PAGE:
The Negro Ensemble Company has launched its current ``Classics Series'' with a solid revival of Lonne Elder III's funny and moving ``Ceremonies in Dark Old Men.'' The first stage presentation of the work since its New York premi`ere in 1969, ``Ceremonies'' has arrived at Theatre Four after a three-month national tour and will continue there through June 16. Director Douglas Turner Ward re-creates the role of Russell B. Parker, a onetime vaudevillian turned unsuccessful barber. Before her death, Parker's long-suffering wife had become the mainstay of the family, a burden daughter Adele (Patty Holley) has struggled to assume. The Parker family also includes wastrel sons Theopholis and Bobby (Ruben Hudson and Walter Allen Bennett Jr.), who get the family involved in the criminal pursuits that lead to tragedy.
``Ceremonies in Dark Old Men'' deserves its place of honor in the Negro Ensemble Company celebration. One in a series of landmark plays, it takes a searching, unsentimental look at certain aspects of black America in this turbulent century -- moral values, family relationships, the role of black women, and the imperatives of survival in a crime-threatening situation.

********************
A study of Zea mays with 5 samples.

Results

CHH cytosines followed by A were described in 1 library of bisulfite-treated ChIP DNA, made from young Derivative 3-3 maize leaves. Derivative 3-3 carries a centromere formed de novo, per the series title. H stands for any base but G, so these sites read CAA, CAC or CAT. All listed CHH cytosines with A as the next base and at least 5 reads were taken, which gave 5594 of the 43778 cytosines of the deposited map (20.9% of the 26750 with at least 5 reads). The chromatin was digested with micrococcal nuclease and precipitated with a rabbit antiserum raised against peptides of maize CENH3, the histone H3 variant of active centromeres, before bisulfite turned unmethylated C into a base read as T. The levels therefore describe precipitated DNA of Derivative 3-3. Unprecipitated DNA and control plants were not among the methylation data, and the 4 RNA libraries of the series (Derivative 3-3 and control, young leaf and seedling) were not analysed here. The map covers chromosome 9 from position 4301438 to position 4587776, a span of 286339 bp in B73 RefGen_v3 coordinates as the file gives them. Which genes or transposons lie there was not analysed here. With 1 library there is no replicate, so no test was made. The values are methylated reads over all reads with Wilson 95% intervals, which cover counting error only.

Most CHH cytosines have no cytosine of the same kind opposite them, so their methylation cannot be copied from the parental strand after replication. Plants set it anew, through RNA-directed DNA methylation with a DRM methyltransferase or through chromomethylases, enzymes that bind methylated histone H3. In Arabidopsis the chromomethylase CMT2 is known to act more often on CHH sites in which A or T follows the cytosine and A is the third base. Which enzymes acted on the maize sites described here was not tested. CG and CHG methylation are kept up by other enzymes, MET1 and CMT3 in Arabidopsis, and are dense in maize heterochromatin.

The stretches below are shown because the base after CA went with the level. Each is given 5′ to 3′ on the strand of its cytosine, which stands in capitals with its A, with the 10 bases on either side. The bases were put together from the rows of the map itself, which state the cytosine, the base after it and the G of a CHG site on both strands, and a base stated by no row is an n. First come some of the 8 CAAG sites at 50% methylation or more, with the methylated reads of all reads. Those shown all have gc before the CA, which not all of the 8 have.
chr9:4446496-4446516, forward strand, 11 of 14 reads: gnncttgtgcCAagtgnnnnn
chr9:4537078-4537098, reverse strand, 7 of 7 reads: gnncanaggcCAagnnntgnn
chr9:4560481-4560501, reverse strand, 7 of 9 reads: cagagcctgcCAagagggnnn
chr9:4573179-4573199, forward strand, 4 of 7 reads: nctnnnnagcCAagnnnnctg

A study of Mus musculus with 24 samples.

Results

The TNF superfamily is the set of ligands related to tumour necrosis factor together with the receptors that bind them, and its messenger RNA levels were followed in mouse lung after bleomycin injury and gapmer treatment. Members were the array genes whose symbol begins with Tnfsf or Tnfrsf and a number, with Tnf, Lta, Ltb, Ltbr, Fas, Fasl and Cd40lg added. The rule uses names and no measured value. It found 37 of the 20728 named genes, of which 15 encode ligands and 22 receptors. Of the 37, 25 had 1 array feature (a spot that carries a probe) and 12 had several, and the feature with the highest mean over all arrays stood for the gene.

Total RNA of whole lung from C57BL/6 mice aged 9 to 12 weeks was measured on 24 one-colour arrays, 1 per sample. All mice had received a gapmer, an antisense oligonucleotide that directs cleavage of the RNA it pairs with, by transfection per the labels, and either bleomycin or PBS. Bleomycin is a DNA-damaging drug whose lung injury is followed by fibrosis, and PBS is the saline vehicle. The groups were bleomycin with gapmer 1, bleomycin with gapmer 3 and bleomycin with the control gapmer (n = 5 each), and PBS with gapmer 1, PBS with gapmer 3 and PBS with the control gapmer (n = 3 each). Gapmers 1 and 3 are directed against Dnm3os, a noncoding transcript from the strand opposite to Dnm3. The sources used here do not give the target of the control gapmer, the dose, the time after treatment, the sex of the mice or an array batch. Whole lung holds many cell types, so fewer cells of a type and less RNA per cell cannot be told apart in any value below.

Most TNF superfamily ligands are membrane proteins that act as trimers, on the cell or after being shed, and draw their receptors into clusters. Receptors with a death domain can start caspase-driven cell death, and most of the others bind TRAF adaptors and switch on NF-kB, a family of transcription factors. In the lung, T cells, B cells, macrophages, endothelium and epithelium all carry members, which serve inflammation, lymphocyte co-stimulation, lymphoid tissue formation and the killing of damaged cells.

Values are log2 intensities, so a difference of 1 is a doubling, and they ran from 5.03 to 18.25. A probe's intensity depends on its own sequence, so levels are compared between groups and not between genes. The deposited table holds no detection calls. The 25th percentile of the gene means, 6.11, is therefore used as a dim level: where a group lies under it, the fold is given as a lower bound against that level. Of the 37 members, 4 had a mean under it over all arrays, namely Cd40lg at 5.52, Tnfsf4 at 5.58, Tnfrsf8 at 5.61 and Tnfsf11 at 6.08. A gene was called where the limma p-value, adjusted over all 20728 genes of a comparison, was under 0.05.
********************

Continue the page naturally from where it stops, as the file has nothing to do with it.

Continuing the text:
Mr. Ward gives a wonderfully rich performance as the paterfamilias whose memories bring little comfort and whose gullibility proves no match for the slick criminal operator (Keith David), who takes over not only the barber shop but the Parker sons. Other members of a cast that gives lively immediacy to this particular ensemble company classic include Graham Brown as Parker's contentious but clear-sighted checkerboard rival and Tracy Camila Johns as the good-time girl with whom the lonely and susceptible Parker becomes briefly infatuated.
The all-purpose Harlem interior has been efficiently designed by Charles Henry McClennahan, with lighting by Shirley Prendergast and costumes by Judy Dearing.